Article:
Keeping your roots

The importance of being connected to your culture


I pulled my embellished white blouse over my head along with my blue vest that would be tied together with red ribbon. My beautiful, long skirt that fans out with the wind. My blonde Latvian hair was being put into braids. My mother pinned metal and crystal brooches onto my clothing and latched together an amber necklace around my neck.

All of these pieces, the ones that had been passed down and worn for generations, I wore proudly. I knew that I was making my family, my ancestors and my community proud. 

I have done this before and continued to practice this ritual that has been going on for lifetimes before me. I feel that having a culture is an important connection, and I am grateful to be able to embrace one. I love and appreciate having a culture that I can celebrate and a family where I can do the same.

After my grandmother had immigrated to the U.S., she made sure to keep her traditions and culture from Latvia a part of her new life. From her to my mother to me, the tradition has continued, with a great thanks to the Latvian Community Center. 

I remember spending almost every Saturday there. We spent hours of the day singing, dancing, talking and learning. All Latvian.

It molded me into who I am today and has been a huge part of my life. I have been provided with a multitude of opportunities such as multiple International Dance Festivals and being included in the National Archives for a dancing video.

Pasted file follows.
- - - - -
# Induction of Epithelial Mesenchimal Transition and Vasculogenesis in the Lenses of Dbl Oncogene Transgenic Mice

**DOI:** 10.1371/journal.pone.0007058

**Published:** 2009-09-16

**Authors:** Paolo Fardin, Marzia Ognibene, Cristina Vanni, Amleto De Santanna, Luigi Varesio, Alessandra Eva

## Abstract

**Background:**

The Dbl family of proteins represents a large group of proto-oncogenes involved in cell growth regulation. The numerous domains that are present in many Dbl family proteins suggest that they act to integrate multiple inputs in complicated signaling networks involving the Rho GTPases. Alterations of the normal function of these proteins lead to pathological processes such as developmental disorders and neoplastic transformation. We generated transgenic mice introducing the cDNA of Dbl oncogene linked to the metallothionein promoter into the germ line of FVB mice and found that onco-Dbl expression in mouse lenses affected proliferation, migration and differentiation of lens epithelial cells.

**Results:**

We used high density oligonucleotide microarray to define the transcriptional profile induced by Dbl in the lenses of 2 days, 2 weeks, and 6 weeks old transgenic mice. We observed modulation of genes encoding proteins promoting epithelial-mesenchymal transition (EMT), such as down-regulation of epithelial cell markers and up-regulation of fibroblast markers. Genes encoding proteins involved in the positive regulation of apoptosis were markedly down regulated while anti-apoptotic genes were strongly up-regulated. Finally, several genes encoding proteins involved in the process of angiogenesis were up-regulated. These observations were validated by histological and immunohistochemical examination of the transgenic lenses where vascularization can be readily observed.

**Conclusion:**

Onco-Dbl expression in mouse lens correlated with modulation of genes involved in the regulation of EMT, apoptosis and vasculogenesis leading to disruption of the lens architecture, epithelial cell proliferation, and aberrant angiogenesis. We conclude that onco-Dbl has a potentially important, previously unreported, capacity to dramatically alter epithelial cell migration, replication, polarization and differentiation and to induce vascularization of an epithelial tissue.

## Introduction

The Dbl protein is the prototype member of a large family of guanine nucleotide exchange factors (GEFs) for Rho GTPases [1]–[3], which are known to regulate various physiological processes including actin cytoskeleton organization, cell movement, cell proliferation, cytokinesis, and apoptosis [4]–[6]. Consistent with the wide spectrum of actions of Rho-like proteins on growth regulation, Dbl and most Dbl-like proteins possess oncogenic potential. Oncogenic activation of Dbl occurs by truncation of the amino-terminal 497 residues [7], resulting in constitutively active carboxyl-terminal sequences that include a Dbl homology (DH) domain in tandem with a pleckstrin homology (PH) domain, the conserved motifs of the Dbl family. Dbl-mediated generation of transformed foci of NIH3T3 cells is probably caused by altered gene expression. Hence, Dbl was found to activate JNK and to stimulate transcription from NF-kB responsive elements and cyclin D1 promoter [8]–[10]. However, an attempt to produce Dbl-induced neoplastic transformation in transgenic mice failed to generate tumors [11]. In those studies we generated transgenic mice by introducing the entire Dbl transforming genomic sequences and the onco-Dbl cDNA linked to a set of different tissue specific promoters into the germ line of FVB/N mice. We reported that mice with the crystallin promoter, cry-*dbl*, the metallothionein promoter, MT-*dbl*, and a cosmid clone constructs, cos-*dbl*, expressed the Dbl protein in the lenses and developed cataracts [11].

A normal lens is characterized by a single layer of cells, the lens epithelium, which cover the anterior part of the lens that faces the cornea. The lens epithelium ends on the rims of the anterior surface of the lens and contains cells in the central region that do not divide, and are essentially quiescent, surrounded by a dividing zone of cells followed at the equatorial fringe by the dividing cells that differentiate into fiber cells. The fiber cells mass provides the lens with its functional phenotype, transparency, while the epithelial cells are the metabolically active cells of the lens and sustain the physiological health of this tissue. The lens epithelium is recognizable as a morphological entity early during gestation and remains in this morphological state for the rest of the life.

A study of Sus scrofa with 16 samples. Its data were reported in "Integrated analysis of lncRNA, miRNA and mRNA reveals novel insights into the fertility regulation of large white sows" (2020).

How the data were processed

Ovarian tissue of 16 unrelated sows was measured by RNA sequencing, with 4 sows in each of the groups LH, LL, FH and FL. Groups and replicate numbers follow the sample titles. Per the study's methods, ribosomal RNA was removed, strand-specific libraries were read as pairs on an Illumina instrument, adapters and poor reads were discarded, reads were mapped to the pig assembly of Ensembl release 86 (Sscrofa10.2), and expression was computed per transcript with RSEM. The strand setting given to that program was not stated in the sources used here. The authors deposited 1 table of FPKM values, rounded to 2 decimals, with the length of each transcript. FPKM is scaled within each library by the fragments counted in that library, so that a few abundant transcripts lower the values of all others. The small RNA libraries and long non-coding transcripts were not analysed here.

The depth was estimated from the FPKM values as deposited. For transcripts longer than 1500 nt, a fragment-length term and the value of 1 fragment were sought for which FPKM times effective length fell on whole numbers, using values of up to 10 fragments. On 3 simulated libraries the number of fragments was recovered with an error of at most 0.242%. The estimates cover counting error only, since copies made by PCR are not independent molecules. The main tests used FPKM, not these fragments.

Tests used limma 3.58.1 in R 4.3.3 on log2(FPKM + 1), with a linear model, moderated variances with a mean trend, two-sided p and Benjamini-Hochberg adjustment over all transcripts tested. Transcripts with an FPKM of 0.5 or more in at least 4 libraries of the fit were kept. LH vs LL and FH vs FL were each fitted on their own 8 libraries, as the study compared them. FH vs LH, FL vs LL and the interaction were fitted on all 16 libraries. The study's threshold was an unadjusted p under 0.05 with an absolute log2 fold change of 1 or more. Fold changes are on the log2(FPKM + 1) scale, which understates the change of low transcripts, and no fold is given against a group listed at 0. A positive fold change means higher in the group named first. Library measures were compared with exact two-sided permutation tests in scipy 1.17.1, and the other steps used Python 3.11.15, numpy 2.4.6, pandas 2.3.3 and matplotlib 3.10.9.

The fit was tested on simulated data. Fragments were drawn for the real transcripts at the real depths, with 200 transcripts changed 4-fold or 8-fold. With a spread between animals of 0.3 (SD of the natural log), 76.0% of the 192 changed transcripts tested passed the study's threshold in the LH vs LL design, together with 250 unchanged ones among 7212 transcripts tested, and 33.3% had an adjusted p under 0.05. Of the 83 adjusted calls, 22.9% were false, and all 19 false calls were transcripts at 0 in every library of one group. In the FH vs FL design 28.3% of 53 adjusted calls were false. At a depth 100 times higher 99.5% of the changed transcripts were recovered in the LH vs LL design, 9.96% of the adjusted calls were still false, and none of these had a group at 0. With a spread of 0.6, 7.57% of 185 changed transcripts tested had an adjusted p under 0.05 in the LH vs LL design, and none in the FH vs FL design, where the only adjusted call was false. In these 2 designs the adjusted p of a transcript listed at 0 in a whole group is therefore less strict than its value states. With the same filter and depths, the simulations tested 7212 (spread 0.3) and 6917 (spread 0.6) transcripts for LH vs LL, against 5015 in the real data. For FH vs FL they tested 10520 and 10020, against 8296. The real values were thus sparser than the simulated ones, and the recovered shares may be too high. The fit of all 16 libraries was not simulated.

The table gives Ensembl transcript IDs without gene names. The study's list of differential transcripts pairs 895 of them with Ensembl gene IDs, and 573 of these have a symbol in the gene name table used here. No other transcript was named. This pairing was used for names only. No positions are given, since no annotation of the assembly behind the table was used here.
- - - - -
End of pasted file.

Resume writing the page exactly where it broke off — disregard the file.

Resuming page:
According to Family Search, knowing one’s cultural background and where one comes from helps us develop a strong sense of who we are and our core identity.

As I have grown up, I have been able to more openly share my heritage with others. I have brought friends to Jāņi celebrations, taught people dances along with songs and have conversed with strangers over traditions.

My heritage not only helps me and others close to me, but it also helps the world as a whole. By spreading my culture, I can create more tolerance, even if it’s just a small amount every day. 

Cultural intolerance is a huge problem in our current world and has been an issue for centuries. We all have different cultures, heritage and other aspects of our lives that set us apart from each other. 

However, by sharing and showing the beauty of one’s heritage with others, progress can be made.

I still remember an encounter with a stranger at the most recent Jāņi festival. She had walked up to my sister and me, admiring our dresses and commenting on our folk costumes. This woman had talked with us for at least 15 minutes, leaving happy with a photo of our clothing along with having learned more about our culture.

Reflecting on that encounter, I have also learned a great deal about an abundance of other cultures.

I like to think that I can make this world better and more accepting through my roots. Even if it is just enjoying piragi or ābolu kūkas with others.

I am not who I would be today with my Latvian roots. It is a part of me, and I will forever be grateful for my connection to them.